James Paul Wickstrom, posse comitatus leader, dies at 75

James Paul Wickstrom, a leader in the Posse Comitatus and Christian Identity movements, has died at the age of 75 in Michigan, according to sources within the white supremacist movement.

Wickstrom is unquestionably one of the most significant figures within the history of American white supremacy and did as much to influence the movement as William Potter Gale, Richard Butler, William Pierce and George Lincoln Rockwell.

Wickstrom was at the height of his influence during the late 1970s and throughout the 1980s. In 1975, the former Snap-On Tools salesman was recruited by Thomas Stockheimer of the right-wing Posse Comitatus movement. Within several years, he attained a leadership position within the organization, declaring himself the “National Director of Counter-Insurgency” for the Posse Comitatus. In 1980, Wickstrom began spreading Posse Comitatus doctrine to farmers across the Midwest and the Great Plains.

The timing could not have been better for Wickstrom. Already facing rising interest rates and increased debt, the 1980s brought the worst economic crisis that farmers had seen since the Great Depression, resulting in thousands of foreclosures. An effective and bombastic speaker, Wickstrom raged against Jews, the U.S. government, banks, the Trilateral Commission and other nefarious forces that he believed were bent on destroying the livelihood of farmers. Although many rejected Wickstrom’s hateful ideology, thousands of frustrated farmers, their friends and family members accepted the idea their financial problems were caused by greater powers beyond their control.

Wickstrom, born on October 7, 1942, in Munising, Michigan, was also a proponent of the antisemitic Christian Identity doctrine, which holds that Jews are the literal descendants of Satan and Eve. A fellow Christian Identity adherent and Posse Comitatus member, Gordon Kahl, murdered two U.S. Marshals on February 13, 1983 near Medina, North Dakota, as they attempted to arrest him on a parole violation. Kahl escaped but was later tracked down in Arkansas after a nationwide manhunt, where he was killed in a shootout with law enforcement which also claimed the life of a sheriff.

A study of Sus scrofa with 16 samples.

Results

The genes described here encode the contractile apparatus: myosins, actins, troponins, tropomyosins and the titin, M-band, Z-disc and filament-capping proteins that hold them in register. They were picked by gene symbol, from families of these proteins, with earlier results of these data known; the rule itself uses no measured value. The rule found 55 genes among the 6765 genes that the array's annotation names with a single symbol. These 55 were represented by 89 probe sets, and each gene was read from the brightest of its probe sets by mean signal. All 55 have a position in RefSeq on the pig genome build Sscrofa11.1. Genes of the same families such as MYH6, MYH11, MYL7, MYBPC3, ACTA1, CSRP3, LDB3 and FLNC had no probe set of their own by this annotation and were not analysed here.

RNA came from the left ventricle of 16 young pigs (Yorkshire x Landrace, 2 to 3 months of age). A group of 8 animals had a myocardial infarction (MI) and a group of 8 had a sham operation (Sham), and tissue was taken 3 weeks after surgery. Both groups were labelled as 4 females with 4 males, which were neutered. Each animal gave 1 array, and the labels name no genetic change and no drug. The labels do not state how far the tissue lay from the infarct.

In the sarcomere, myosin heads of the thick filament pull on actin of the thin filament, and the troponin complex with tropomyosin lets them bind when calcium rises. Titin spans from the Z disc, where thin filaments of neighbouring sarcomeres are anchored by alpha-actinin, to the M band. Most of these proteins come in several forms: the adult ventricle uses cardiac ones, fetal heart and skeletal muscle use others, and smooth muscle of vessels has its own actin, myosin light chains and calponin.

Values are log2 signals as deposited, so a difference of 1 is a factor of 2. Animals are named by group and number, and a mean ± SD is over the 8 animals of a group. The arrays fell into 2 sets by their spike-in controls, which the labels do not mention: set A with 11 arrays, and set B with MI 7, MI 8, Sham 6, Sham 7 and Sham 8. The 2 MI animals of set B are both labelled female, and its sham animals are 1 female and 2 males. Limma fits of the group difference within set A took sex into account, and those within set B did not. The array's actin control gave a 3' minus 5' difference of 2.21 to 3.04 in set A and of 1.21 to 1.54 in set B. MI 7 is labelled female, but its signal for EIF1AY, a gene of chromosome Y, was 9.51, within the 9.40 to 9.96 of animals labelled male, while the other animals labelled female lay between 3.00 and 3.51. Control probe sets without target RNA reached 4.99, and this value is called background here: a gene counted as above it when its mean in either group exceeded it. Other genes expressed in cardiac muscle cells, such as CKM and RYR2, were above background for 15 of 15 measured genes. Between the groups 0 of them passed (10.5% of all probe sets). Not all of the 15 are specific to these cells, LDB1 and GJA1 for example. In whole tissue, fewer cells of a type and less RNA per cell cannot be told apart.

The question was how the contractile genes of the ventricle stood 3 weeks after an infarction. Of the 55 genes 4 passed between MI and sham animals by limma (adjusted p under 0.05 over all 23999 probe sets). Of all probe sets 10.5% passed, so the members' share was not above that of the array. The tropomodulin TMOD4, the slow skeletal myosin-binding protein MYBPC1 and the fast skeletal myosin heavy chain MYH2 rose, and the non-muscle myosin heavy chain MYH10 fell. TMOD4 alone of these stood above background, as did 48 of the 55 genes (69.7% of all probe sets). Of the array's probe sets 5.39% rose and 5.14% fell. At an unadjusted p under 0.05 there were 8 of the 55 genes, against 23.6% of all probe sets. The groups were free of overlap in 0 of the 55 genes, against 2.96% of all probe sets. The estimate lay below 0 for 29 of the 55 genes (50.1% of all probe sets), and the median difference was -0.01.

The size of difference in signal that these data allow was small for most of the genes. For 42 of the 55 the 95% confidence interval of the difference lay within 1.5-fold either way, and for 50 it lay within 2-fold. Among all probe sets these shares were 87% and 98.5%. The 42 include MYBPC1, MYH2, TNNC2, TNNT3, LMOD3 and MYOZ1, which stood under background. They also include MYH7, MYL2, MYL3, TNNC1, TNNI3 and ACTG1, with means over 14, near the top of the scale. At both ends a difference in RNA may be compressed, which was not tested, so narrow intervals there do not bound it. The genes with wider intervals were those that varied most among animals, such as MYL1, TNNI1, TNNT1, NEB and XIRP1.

In between Kahl’s murder of the U.S. Marshals, and his death almost four months later, Wickstrom became one of Kahl’s staunchest defenders, using the incident to promote the Posse Comitatus movement. This included an appearance on the hit television talk show Donahue. When asked by the host, Phil Donahue, if Wickstrom would urge Kahl to surrender, he refused, insisting that Kahl’s civil rights had been violated.  

Wickstrom inspired thousands of people in the white supremacist movement before and after serving two separate stints in prison. He was convicted in 1984 on two counts of impersonating a public official and was sentenced to 13 ½ months in prison. In 1990, Wickstrom was convicted of counterfeiting currency and illegally possessing firearms. He was sentenced to 38 months.

In the 2000s, Wickstrom continued to promote Christian Identity and hate. The violent rage expressed by Wickstrom is best shown in this quote taken from an interview in 2004:

I’d like to see these Jews all be brought to the VA [Veterans Administration hospital] and wooden chairs be put down on the lawn. Tie the Jews in. Bring these veterans down who have been mutilated…and give them baseball bats and let them beat these Jews to death! Every one of them! Take these chairs and Jews after they’re beaten to death, throw ‘em in the wood chipper! And from the wood chipper let the remains go into a big incinerary (sic) truck, which is right behind the wood chipper, and give them the holocaust they rightly deserve!     

Professor Brian Levin, director of The Center for the Study of Hate and Extremism at California State University, San Bernardino, noted the huge impact that Wickstrom had during the height of his popularity. “You can’t underestimate the impact he had. He was quite visible and had his tentacles in every part of the movement. He had this very aggressive way of promoting Posse Comitatus ideology and antisemitism. Indeed, he was a pioneer in the Posse Comitatus movement at a time when it was becoming its most dangerous. His activities presaged the very kind of phenomenon we are seeing now. The template he helped create still exists.”